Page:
Health  |  News & Politics

Flu-Like Viruses Are Surging in DC

While flu and Covid cases are low, RSV and other respiratory illnesses are straining hospitals.

Viral illnesses similar to the flu are on the rise in DC, according to the CDC. The public health agency’s weekly influenza surveillance map reports that influenza-like illness activity is “very high” in the District, although Virginia and Maryland are still seeing low to moderate cases.

Still, whatever illness is going around is most likely not the actual flu. Influenza-positive cases are still fairly low in the region, says Dr. Eric Almli, an emergency department physician at MedStar Montgomery Medical Center. But recent data shows that respiratory syncytial virus (RSV) and other respiratory illnesses with symptoms like cough, fever, and sore throat are surging nationwide. RSV poses the most risk to babies and young children, but immunocompromised adults and the elderly are also more likely to experience severe symptoms. Locally, RSV and other respiratory viruses are pushing pediatric hospitals to the brink: Children’s National Medical Center and the children’s hospital at Fairfax INOVA are both at capacity, according to a report this morning in the Washington Post.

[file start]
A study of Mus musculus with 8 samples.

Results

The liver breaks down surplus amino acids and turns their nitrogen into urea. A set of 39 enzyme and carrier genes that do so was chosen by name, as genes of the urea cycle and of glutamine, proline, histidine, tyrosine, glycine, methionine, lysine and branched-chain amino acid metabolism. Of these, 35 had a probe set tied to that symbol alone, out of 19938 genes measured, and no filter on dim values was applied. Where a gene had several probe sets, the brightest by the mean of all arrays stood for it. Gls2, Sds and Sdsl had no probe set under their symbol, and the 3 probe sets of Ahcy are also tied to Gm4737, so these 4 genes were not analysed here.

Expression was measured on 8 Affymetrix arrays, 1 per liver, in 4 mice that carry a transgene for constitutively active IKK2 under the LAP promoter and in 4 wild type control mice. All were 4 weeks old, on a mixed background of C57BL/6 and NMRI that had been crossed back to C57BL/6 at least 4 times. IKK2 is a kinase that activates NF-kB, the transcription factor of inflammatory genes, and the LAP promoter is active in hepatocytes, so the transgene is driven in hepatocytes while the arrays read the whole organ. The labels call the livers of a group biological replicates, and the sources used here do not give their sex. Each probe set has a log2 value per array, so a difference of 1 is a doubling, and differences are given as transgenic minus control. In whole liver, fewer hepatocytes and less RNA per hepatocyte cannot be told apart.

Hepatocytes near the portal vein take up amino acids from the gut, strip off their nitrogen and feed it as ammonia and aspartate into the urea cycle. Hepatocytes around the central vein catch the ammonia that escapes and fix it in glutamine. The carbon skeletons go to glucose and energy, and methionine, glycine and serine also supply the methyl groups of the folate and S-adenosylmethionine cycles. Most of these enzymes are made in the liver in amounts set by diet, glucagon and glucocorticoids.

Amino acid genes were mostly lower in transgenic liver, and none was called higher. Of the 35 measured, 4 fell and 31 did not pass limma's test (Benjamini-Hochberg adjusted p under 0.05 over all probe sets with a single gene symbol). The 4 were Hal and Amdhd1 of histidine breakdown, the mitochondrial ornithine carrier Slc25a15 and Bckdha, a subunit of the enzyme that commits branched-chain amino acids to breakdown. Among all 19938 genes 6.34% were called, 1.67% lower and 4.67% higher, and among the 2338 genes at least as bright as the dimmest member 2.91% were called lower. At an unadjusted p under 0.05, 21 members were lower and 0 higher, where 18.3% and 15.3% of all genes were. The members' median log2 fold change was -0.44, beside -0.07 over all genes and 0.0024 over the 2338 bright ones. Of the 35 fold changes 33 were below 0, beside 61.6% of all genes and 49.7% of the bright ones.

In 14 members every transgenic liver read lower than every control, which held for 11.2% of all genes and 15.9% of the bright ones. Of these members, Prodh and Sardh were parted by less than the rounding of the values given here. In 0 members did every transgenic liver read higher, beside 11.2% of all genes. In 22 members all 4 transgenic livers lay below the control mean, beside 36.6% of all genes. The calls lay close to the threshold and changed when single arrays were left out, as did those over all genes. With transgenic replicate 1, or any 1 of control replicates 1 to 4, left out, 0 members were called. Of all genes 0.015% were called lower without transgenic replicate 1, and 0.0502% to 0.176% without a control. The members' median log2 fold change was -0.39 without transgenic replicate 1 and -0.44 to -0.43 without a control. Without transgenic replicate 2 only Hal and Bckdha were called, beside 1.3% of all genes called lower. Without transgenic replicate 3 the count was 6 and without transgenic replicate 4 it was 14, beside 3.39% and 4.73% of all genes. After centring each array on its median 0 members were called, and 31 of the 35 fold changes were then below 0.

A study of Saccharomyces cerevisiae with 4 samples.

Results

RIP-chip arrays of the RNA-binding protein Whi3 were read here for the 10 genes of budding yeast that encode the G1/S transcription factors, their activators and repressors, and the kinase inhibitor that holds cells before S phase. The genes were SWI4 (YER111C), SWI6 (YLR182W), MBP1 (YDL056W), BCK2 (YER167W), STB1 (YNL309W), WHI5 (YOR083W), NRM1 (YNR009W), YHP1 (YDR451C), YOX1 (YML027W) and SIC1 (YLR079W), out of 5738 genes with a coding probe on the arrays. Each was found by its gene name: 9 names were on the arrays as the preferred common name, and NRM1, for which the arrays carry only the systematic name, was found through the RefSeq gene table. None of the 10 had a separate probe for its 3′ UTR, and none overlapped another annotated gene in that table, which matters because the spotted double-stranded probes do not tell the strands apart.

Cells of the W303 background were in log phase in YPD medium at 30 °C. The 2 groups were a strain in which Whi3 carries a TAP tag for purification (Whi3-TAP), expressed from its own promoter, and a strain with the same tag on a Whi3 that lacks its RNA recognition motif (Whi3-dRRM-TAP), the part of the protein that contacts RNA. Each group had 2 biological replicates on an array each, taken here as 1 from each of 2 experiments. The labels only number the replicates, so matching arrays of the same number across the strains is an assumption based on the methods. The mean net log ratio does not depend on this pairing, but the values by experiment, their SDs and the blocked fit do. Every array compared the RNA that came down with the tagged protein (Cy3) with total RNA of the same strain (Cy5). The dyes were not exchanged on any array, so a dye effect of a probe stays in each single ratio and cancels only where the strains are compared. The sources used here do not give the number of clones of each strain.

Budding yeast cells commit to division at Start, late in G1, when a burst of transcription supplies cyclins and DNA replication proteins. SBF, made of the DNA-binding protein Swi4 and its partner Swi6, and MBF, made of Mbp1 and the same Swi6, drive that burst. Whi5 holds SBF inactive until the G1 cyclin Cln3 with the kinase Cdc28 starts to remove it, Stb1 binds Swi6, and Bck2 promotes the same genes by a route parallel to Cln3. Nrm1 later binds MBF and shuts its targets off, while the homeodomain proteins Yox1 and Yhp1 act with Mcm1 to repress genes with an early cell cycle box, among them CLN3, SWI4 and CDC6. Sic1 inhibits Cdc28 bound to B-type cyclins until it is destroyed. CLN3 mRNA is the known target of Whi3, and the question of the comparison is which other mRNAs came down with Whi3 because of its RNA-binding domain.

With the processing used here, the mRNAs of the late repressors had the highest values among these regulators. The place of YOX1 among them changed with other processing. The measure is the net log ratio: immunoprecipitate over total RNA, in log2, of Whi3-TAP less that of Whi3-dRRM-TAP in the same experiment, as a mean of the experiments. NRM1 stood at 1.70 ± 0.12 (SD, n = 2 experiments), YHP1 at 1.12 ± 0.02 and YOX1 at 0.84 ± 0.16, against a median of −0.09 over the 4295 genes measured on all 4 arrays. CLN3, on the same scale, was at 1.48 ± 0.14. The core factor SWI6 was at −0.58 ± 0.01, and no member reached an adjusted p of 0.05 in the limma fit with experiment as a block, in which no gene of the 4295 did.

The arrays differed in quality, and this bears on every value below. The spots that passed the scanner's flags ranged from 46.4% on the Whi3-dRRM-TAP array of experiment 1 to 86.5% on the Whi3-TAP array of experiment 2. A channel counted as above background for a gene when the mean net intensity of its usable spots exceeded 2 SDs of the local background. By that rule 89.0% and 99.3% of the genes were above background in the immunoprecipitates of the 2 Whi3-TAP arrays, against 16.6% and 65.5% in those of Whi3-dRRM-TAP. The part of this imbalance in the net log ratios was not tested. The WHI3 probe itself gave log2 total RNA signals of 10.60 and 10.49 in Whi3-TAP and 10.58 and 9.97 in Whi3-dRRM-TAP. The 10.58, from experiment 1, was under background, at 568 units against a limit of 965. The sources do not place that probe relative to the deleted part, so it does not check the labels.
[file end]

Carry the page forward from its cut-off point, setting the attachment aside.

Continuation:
With Covid infections slowing down, Dr. Almli suggests we are seeing a spike in RSV because not many people are wearing masks anymore. This could also cause us to see more flu cases this season, too. “Like all coughs and colds, proper hand washing, avoiding going out into public when you have symptoms, or even wearing a mask can help prevent the spread of illness,” he says. “It’s also important that folks six months and older go out and get their flu vaccine before the season peaks.”

Damare Baker
Research Editor

Before becoming Research Editor, Damare Baker was an Editorial Fellow and Assistant Editor for Washingtonian. She has previously written for Voice of America and The Hill. She is a graduate of Georgetown University, where she studied international relations, Korean, and journalism.